Monday, September 14, 2015

Expect the Unexpected

We are about a month into year two, and what a month it has been! Connielyn and I have been so busy, we haven’t had a second to breathe. We are constantly running around the school, teaching our classes, planning for our next classes, and meeting with other teachers and staff members. Our days are crazy, but we still love it!

We started this school year exactly a month ago, on August 17th. We walked into school the first day, and it was so nice to be back in the place we love so much. We were greeted by other staff members and friends we had made last year. Everything was familiar and comfortable. This new school year was a very different experience from last year. Last year, everything was new and exciting, but also scary. I had no idea how the school worked or who anyone was outside our group of six volunteers. This year, it was just me and Connielyn, but we weren’t alone—we were surrounded by people we already know and love. We already knew the school and how it worked, so we were able to jump right back into life at the Hogar. 

As a volunteer, it is always important to be flexible. Going into this year, Connielyn and I were unsure of what we would be doing. We figured we would be working in the Nivel Inicial, like last year, and Connielyn wanted to work in the Deaf School as well. I was unsure of what I would be doing, but I knew what I didn’t want to do: I knew I absolutely did NOT want to be the English teacher in the high school, which was Angie’s job last year. I was so scared they were going to ask me because as far as we knew, they hadn’t hired a new English teacher yet. Our first week at school, the students weren't back yet so we were just resettling in and getting ready to start classes in the Nivel Inicial. The Director told us we would have our own classroom this year, which was so exciting! So we got right to work making materials to decorate our classroom. We met with the other teachers in the Nivel Inicial, and we created a schedule for classes. All the while, I was still unsure of what I would be doing for work.

That next Monday was the first day of classes, so the students finally arrived! We got to school at around 8 a.m., like we do every morning. We were just starting our day when someone knocked on our office door and told us that Carmen, the Coordinator of the High School, wanted to talk to me. I walked up to the high school so nervous that she was going to ask me to do the one thing I didn’t want to do. Sure enough, at 8:45 a.m. Carmen and the Director asked me if I could do them a favor and teach English to the Freshmen, Sophomore, and Senior classes—five classes in total. I said yes, even though I was terrified on the inside, because there was nothing else to say. I am a volunteer at the Hogar and am there to help them however I can. The school needed an English teacher, and so I stepped in to fill the position until they hired someone. So at 8:50 a.m. with my heart in my throat, I walked into my first class of 38 seniors. I had no plans, no time to plan, and I was so nervous I was shaking, but I made it through. Luckily, I already knew a lot of the students in that class and had built relationships with them last year, so there were a lot of familiar faces in the crowd. I made it through my next four classes that day as well, and each time it became a little less scary.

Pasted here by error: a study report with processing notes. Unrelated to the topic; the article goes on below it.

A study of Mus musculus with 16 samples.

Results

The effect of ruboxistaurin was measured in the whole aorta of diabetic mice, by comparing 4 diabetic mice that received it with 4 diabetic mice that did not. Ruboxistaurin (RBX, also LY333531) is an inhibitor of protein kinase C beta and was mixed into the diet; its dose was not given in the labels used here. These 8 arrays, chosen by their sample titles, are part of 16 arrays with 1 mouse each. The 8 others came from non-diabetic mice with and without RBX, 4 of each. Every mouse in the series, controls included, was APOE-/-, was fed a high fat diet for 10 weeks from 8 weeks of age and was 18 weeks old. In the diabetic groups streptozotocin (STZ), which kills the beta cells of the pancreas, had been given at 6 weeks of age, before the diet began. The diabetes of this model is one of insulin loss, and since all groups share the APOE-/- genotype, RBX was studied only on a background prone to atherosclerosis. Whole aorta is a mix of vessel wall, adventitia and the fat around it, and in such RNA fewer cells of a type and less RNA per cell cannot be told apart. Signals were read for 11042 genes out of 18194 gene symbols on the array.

Now, it is three weeks later, and I have continued to be the English teacher in the High School. It is a job I never wanted to do, but I love it. It is hard, challenging, and frustrating. There are classes when I just want to walk out of the room and leave it all behind, but I love every single one of my students. They are all smart, talented, and want to learn. I have never been in a classroom where students are so eager to learn. One of my main challenges is getting the students to stop talking out of turn, but most of the time when they are talking, they are yelling out the answers or asking me to call on them and then getting upset when I don’t. This is such a drastic contrast from when I was in high school, since I personally never wanted to participate, and my peers were never this excited to answer a question either.

I don’t know how much longer I will be the English teacher in the high school. I know they have hired a new teacher, but I’m not sure when she will start. What I will be doing this Monday is a mystery to me. I have started setting up plans for what I will be doing next, but I won’t be sure of what I’m doing until I have actually started. As I said before, in this job, flexibility is key. I can’t wait to feel settled in and actually know what my job will be this year, but I will miss my students so much when I am no longer teaching them every day. It has been a great start to the year, and I am so happy to be continuing this adventure at the Hogar del Niño.